Tuesday, February 21, 2012


For many years now, I've been working on health. This work came, as it almost always does, from being unhealthy.

Health isn't an instantaneous switch. It is a gradual understanding built over a lifetime. It is learning to adjust and heal your body as best you can when inevitable problems crop up. It's biology. Ultimately, it is taking care of yourself. Health-care providers of any type can go only so far.

And that's where the going gets rough. It often goes against the grain to take care of ourselves. Sometimes it means resting when we're not sick. It means feeling empowered to say no to sugar and cheesypoofs (when you never really wanted them anyway).

It means getting out and moving, which I still do not do.

I'm working on thinking about that.

The point is, anything you do takes a long, long time to develop. There's no endpoint. Expertise is always cultivated, and it shifts with your current knowledge and the knowledge of the people in the world around you.

In the end, however, when things work the right way, they just kind of click into place. Right now I'm eating better than I ever have--and the food is the best food I have ever eaten in my life. I look forward to meals and snacks. Brown rice with ghee and sea salt, fresh avocados, raspberries, and blueberries--what could be more delicious?

The same is true of crafting. It always starts out rocky, and you don't understand what you're doing. Gradually, you accumulate expertise: You know what the instructions in the patterns mean, and you can execute skills without a blink. "Slip, slip, knit"? Bring it on, baby.

In the meantime, however, as you learn, there is the struggle--going to the Local Yarn Shop again and again with questions, searching through technique books, surfing YouTube. It gets embarrassing sometimes.

Owning a LYS, I have watched the struggle many times--and that includes my own struggles with reading instructions. I have to say that I have always had a soft spot in my heart for the distressed knitter trying to figure out what the pattern is saying. From the very beginning, it drove me into writing patterns.

At this point, writing patterns is in my blood. I know how to explain knitting. And I love to explain it so that knitters understand. I want my patterns to make knitting feel healthy to the knitter--he or she might be learning new skills, but there is no struggle with things that need not be a struggle. No one wants to puzzle out decreases in rows; we all just want to knit.

In my patterns, I try to explain why you are doing what you are doing, so that when you get to a pattern that is a bit more ... shall we say ... pithy, you know what to do.

I want to show you why you might want to make certain choices. That way, when you get to a pattern without options, and the instructions aren't working, you know how to forge ahead on your own. And, in the end, if you don't follow my advice because you want to do something differently to make it work better for you, then fine. It's knitting.

Knitting should not be something that raises your blood pressure. You can go to work for that. If you are knitting with patterns that make knitting a pleasure, then the knitting is not frustrating and stressful, but healthy and fun, like eating a bowl of blueberries. And that's the whole point. Knitting: It's supposed to be fun.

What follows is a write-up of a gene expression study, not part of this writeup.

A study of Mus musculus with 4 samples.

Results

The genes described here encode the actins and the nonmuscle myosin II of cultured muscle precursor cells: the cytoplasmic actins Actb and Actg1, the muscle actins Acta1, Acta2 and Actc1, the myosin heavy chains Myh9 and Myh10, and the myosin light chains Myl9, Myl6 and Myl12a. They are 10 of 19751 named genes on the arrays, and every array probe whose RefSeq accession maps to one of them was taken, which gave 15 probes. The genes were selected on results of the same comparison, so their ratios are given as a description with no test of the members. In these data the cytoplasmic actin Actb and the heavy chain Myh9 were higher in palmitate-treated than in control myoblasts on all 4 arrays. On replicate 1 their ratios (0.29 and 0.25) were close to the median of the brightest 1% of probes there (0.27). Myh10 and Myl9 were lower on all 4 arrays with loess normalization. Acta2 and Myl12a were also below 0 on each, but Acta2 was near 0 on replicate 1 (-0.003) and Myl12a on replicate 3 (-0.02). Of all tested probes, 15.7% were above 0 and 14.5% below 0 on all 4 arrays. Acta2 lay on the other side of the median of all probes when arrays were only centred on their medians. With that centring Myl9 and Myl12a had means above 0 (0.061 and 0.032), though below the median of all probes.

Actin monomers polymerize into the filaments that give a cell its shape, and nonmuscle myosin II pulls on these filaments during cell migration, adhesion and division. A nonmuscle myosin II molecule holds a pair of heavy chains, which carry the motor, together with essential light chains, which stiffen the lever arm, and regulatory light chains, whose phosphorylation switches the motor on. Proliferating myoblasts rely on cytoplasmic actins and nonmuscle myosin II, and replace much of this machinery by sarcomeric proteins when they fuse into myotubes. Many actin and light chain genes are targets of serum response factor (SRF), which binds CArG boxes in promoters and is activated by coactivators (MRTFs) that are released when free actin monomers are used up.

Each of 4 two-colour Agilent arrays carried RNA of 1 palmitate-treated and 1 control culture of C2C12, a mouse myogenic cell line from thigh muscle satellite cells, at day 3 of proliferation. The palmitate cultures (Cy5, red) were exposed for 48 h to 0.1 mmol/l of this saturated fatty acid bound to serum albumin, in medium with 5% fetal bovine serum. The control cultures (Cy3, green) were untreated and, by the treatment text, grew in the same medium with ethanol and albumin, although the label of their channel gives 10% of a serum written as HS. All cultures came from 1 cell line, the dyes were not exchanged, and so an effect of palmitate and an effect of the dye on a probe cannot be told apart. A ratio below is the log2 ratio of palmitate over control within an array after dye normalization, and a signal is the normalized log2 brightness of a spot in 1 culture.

Thursday, February 16, 2012

Three New Patterns!

This is the time of the year when I am working hard knitting. It's a tough job, but somebody's gotta do it. I have been working especially hard on a few new designs and have printed up 3 new ones. Let's take them one at a time, shall we?

The first is called "Alice Bee." It is named for my friend Alice, who loves stripes; and as I was putting the colors together, I was thinking of her as well. Alice Bee is shown in the photo as a cowl, but I've included instructions in the pattern for a scarf and a shawl.

The next one, "Kimmie," is named for my business partner, Kim. She was trying to figure out a way to use Zing String, a carry-along yarn, in some knitted item other than a scarf. Zing String has beads attached to a thin thread, which you hold with another, heavier yarn. Kim thought of a hat. I told her that the problem was that it was knitted in the round, all the beads would go to the back. So she suggested using reverse stockinette with some rows of stockinette, and sketched out what she was thinking. "You design it, work out all the numbers, and name it after me," she said. Okay then.

Kimmie uses slip stitches to make the stockinette rows pop. We have many kits available with this pattern at Stitch Your Art Out. It was fun matching the beads to the yarn!

And finally, it's a project I've been wanting to write up for years: The pattern for a beginner's Fair-Isle headband. I call it "First Fair Isle."

I spent a lot of time working on this one, not so much with the Fair-Isle pattern, but more with the fit. I was tired of headbands with ribbing that stuck out funny. So this one has those issues worked out. In the pattern, I also give suggestions for color combinations so that you're sure to have a headband that looks great every time, no matter which colors you use. I also give details on how and why to block Fair Isle. It's a great little stash buster--or even a way to accumulate more stash! (Did I mention that I own a yarn shop?)

All of these patterns are available on Ravelry or at Stitch Your Art Out. (I'm happy to wholesale via either Ravelry or directly with paper copies as well.) I have more designs in the works, which I hope to release over the next month or two. I'm trying to keep my writing caught up to my knitting, but somehow that isn't quite working. (It seems that it's more fun to knit than to write about what you knit. Who knew?)